Rakuten’s $900 million acquisition of Viber last week was the starting pistol, and Facebook’s $19 billion punt on WhatsApp was a signal cannon. Over-the-top messaging platforms have become the latest must-haves for a technology empire. But Google has been left out — and its options to regain ground are slim.
The mobile messaging market has changed drastically over a short period of time. Japanese Internet retailer Rakuten announced it had captured Cyprus-based Viber last weekend. And that was just the start. A mega-deal for WhatsApp has rocked the whole technology industry, and anyone who wasn’t previously paying attention to the mobile messaging space before, surely is now.
According to those in the know more acquisitions could follow. Riku Salminen, CEO at Jongla, a Finnish mobile messaging application, says his company saw a deal such as this one coming. “More news like this is definitely coming soon. We believe that 2014 will be the year when we are going to see a number of transactions and public listings to happen in mobile messaging space in particular,” he said.
Facebook appears to have embarked on a new strategy to buy standalone apps and services that will operate independently under the Facebook umbrella. But at its core, the WhatsApp deal buys the social media giant numbers. Facebook currently has 1.2 billion users, and it has just bought a company with over 450 million active monthly users. WhatsApp only charges those users $1 a year for its service, and has kept its platform ad-free. Facebook is not buying the company for its revenues. Founder Mark Zuckerberg knows social media sites have a shelf life: if he can make Facebook more than that, his firm can stay relevant for longer.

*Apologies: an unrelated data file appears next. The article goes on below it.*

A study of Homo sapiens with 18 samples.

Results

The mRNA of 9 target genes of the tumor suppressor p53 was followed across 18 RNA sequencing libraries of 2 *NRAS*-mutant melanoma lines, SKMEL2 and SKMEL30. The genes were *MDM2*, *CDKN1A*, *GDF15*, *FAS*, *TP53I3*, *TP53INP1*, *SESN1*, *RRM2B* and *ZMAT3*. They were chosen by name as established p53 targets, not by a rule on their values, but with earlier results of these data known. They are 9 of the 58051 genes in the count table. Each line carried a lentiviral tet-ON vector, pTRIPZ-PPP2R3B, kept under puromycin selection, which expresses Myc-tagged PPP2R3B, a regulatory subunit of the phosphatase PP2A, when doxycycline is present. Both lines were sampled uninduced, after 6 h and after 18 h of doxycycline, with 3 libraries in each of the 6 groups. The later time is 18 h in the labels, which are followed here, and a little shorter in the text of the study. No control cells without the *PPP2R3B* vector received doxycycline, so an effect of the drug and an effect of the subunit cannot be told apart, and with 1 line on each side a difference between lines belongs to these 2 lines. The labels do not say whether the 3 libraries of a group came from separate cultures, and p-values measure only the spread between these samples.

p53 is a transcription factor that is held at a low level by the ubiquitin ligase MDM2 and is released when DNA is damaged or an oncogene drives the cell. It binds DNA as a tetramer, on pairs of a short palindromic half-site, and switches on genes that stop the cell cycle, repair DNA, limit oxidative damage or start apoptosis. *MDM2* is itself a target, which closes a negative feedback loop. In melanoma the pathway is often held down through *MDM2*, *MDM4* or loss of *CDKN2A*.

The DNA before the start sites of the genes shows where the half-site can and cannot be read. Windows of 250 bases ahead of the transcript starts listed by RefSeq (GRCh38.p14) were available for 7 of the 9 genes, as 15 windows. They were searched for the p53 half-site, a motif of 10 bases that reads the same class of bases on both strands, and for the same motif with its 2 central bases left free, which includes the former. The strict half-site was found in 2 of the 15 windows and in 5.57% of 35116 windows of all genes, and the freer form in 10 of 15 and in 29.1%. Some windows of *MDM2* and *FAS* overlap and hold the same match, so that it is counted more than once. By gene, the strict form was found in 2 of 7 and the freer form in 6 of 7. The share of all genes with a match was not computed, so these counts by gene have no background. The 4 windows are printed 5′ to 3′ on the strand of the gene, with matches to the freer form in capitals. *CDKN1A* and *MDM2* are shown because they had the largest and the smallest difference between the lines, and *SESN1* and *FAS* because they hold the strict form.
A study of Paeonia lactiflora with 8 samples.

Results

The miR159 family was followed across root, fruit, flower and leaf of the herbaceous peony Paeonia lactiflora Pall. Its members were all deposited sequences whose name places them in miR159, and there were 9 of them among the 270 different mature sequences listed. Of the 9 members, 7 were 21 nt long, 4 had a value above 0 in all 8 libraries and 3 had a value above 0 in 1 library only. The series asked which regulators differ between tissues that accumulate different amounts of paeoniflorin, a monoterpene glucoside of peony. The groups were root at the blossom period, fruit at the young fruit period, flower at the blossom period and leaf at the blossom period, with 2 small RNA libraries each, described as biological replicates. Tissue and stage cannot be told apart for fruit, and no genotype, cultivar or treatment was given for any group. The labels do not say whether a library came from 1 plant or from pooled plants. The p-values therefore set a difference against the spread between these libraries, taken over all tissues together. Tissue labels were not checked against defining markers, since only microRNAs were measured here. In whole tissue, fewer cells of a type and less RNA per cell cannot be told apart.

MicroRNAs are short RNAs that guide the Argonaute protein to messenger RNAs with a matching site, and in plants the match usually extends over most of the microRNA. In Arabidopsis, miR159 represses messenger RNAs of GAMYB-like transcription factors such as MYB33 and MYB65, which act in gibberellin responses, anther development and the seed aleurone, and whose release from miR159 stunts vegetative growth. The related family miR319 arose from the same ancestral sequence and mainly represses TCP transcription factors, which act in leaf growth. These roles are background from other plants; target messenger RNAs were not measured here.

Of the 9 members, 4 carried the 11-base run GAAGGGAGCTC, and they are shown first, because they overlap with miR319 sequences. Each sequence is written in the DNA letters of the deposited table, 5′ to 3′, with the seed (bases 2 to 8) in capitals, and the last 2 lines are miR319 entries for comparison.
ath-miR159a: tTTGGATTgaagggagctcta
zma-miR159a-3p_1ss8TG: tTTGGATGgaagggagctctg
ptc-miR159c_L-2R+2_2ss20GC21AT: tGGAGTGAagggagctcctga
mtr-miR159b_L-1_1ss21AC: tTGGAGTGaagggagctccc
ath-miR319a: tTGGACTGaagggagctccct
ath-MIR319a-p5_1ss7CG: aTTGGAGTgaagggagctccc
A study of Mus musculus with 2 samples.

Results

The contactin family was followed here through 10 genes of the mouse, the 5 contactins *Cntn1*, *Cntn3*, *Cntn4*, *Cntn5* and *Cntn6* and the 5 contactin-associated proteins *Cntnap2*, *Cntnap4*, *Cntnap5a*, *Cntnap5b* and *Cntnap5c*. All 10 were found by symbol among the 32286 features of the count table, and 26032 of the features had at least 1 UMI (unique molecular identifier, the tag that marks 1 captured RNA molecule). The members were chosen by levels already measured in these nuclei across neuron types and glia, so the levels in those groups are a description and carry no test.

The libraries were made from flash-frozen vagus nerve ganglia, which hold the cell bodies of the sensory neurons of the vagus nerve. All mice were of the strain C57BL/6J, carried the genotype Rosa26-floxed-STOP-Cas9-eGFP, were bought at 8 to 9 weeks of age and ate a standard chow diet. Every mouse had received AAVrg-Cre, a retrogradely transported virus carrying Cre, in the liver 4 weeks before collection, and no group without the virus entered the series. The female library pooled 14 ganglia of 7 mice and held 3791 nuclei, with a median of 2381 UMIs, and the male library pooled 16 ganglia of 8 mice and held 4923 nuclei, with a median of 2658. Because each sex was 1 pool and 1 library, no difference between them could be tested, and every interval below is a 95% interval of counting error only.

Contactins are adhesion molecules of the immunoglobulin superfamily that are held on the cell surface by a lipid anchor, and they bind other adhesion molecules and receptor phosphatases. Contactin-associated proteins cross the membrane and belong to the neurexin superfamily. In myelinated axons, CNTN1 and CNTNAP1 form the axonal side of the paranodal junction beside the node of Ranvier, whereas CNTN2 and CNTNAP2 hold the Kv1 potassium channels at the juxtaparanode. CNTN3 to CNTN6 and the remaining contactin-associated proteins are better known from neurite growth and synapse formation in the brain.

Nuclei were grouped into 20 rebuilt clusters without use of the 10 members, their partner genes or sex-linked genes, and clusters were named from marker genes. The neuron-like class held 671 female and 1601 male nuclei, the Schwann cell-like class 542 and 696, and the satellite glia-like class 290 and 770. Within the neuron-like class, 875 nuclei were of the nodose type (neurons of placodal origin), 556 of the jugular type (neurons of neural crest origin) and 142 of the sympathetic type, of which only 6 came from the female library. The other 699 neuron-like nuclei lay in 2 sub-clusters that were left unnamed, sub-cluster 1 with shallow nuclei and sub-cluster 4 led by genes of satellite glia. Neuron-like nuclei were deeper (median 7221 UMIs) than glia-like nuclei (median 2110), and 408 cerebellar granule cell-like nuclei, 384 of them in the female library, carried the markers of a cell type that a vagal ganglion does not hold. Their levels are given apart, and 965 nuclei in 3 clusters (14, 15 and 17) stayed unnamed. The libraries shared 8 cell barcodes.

But what of Google? It seems the giant is hungry for more than its own Gmail-incorporated messenger, Gchat. Fortune wrote recently that Google offered $10 billion for WhatsApp, only to be gazumped by Facebook. It also reportedly bid $4 billion for Snapchat (another mobile messaging app, where messages are deleted after a short, set amount of time). The Mountain View-based firm has neither confirmed nor denied any acquisition attempt.
That limits the list of potential targets for Google. Speculation, however, continues to mount that the company will make another run at Snapchat. It’s no surprise that Google was also interested in a mega-deal for WhatsApp – the acquisition is similar in many ways to Google’s purchase of YouTube in 2006. Google paid $1.6 billion for the video sharing site, and as with Facebook’s acquisition, investors were initially spooked. But over the long term the move made sense and Google had a firm footing in an upcoming market segment. Facebook will hope that the same is true of its purchase of WhatsApp. Investors have already come round. Facebook shares dipped as much as 2 percent on the WhatsApp news, but have since recovered.
Aside from Facebook and Google, Microsoft is one of the only other companies with the cash to finance a deal for WhatsApp. There are no suggestions the company will bid for a mobile messaging platform soon: it already owns Skype, which has similar features. Microsoft has only just welcomed a new CEO, Satya Nadella, and appears to be focusing on cloud-based software and hardware offerings.
Twitter has also placed emphasis on direct messaging in the past month. Speaking on a quarterly earnings call, CEO Dick Costolo acknowledged that while Twitter is a “town square” for conversation, people want to whisper in their friends’ ears from time to time. Twitter is cash-rich following its IPO last November, but there is little evidence to suggest the platform will move for a messaging company. It is far more likely Costolo was referring to developing Twitter’s own direct messaging function further.
The biggest and most valuable mobile messaging app in the world is arguably WeChat. The Chinese platform is estimated to be worth $30 billion by Barclays, and operates in the same region as other Asian giants such as Line and KakaoTalk. But WeChat is already part of its own mega-company, Tencent, which has a staggering market cap of $140 billion. Tencent may not be content with WeChat though, and has also been linked with a move for Snapchat in the past few months.
Many will question Facebook’s decision to spend $19 billion on a company with so little revenue. But it seems that more deals like it will follow in time. All eyes are now on Google.